Hector's Simon Pegg Gets the Mitty Treatment

Simon Pegg has always been more like a cartoon than a real boy. He's one part Charlie Brown to two parts Tintin, a round-faced runt who can channel both childlike depression and old-fashioned cowlicked pluck. In Pegg's new film, Hector and the Search for Happiness, director Peter Chelsom simply allows him to be himself, and it fits.

Hector is a psychiatrist quietly churning with adult-onset anxiety. He looks and acts mature—he downs wheatgrass shots every morning—but inside he's still a kid. A neurobiologist (Christopher Plummer) examining Hector's brain grumbles, “These are not the emotions of a grown man.” Hector's girlfriend Clara (Rosamund Pike) tries cheerfully to ignore his inability to propose. When she coos, “Promise me you'll never change,” it's not because she's 100 percent happy, but because at least stasis is next door to stability.

The solution? On a whim, Hector decides to make like Hergé and travel the world. (He's already doing it in his dreams, as in an opening scene where he flies a biplane with a Boxer in the rear wearing wee dog-sized goggles.) He tells Clara he wants to write a book about happiness, but Pike plays the scene with just enough buried fear that we know that she knows he's going off the rails, long before Hector himself has a clue. Still, she buys him a journal and kisses him goodbye, and then he and the movie are off on a scattershot adventure that, as scattershot adventures are wont to do, won't make sense until it's over.

If you think Hector's happiness book sounds bound for the Target discount bin, you're not far off. From what we see of it, it's mainly sketches and bullet-points. (No. 4: Happiness could be the freedom to love more than one woman at the same time. No. 6: Avoiding unhappiness is not the road to happiness.) Chelsom and his screenwriters, working off the original French novel by François Lelord, structure it like a book of fables. On the road, Hector meets archetypes, not people. There's the rich businessman in China, played by Stellan Skarsgård, who's forced to deliver lines like, “Whoever says money can't buy happiness—fuck you!” There's a Buddhist monk in the mountains, a violent third-world criminal (Jean Reno), a beatific cancer patient on an airplane, and, in California, Hector's old college girlfriend (Toni Collette), whom he hasn't quite gotten over.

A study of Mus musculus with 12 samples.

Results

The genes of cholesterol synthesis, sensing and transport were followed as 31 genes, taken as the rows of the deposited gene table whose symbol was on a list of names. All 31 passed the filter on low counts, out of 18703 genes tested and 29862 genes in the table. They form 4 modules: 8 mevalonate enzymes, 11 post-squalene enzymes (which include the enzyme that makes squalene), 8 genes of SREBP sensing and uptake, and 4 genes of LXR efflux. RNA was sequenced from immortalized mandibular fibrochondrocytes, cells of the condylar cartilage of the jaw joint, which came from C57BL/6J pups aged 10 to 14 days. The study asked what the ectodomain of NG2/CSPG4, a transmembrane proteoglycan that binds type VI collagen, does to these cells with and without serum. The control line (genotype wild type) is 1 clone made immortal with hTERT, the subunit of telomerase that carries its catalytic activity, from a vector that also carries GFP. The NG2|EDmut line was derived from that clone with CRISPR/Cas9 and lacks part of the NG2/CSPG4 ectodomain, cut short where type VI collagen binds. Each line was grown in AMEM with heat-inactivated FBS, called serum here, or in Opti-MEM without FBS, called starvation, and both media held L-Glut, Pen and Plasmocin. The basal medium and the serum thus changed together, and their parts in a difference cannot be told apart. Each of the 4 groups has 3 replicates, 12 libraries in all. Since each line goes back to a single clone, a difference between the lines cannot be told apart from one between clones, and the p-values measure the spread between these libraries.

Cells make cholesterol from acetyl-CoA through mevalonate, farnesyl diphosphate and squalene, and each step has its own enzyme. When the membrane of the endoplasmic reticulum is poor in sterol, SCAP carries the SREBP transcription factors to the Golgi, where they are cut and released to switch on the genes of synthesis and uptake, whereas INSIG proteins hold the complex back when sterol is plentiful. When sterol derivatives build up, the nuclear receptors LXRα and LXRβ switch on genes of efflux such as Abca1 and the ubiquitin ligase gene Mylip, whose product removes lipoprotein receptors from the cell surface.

Each character has a personal quirk to disguise the fact that they're utilitarian props, which feels like the exaggerated extension of the way a navel-gazing Westerner sees the world. The monk is into Skype; the criminal dotes on his wife. But we never forget that each exists merely to teach Hector a Very Important Thing, even if we'd rather ditch our lead's naive quest and spend more time with the forever-fascinating Skarsgård, who seems to be living in a strange and sexy Shanghai thriller.

It's almost doubly disappointing that Chelsom ditches Skarsgård to cut to a snowy Sherpa hike sequence that's practically shot-for-shot the same as the one in Ben Stiller's The Secret Life of Walter Mitty, another film about an uptight white man who searches for his soul in Asia. (Guys, really? Finding yourself in China is so 1834.) The only destination more patronizing is Africa, so naturally Hector heads there, too. By the time Hector lands in Los Angeles, we're wondering if the city's uncivilized reputation is part of the joke.

But Hector and the Search for Happiness isn't trying to be funny. It's unfashionably earnest, the sort of dopey pound mutt you feel guilty for not showering with love. How often does a film actually try to mean something? (Besides, of course, the shallow Oscar-bait dramas that every year remind us that racism and poverty and terrible parenting are all bad.) Hector is trying to say something true about a generation of quietly dissatisfied demi-adults who are terrified to take emotional risks. We already have lots of movies about man-children, but most of those applaud their heroes for staying true to themselves and, er, smoking mad weed. Hector takes its hero to task, even though on the surface he's more grown up than the rest of the Seth Rogens on our screens. He already owns a suit and tie—the change he needs must come from within.

This isn't groundbreaking. It doesn't even have Walter Mitty's stunning cinematography and sly humor. Yet at least Chelsom, like his leading man, is willing to take risks. Halfway through, there's a harrowing sequence where Hector comes within seconds of being murdered. (If it were later in the film, it'd pack even more of a wallop, but with at least 40 minutes to go in the running time, we know better than to panic.) That moment feels a million miles away from Hector's goofy opening plane fantasy, and the movie can't quite straddle the two tones. But at least it left its comfort zone and tried. Sometimes, for people and for picture-shows, that's as much as we can ask.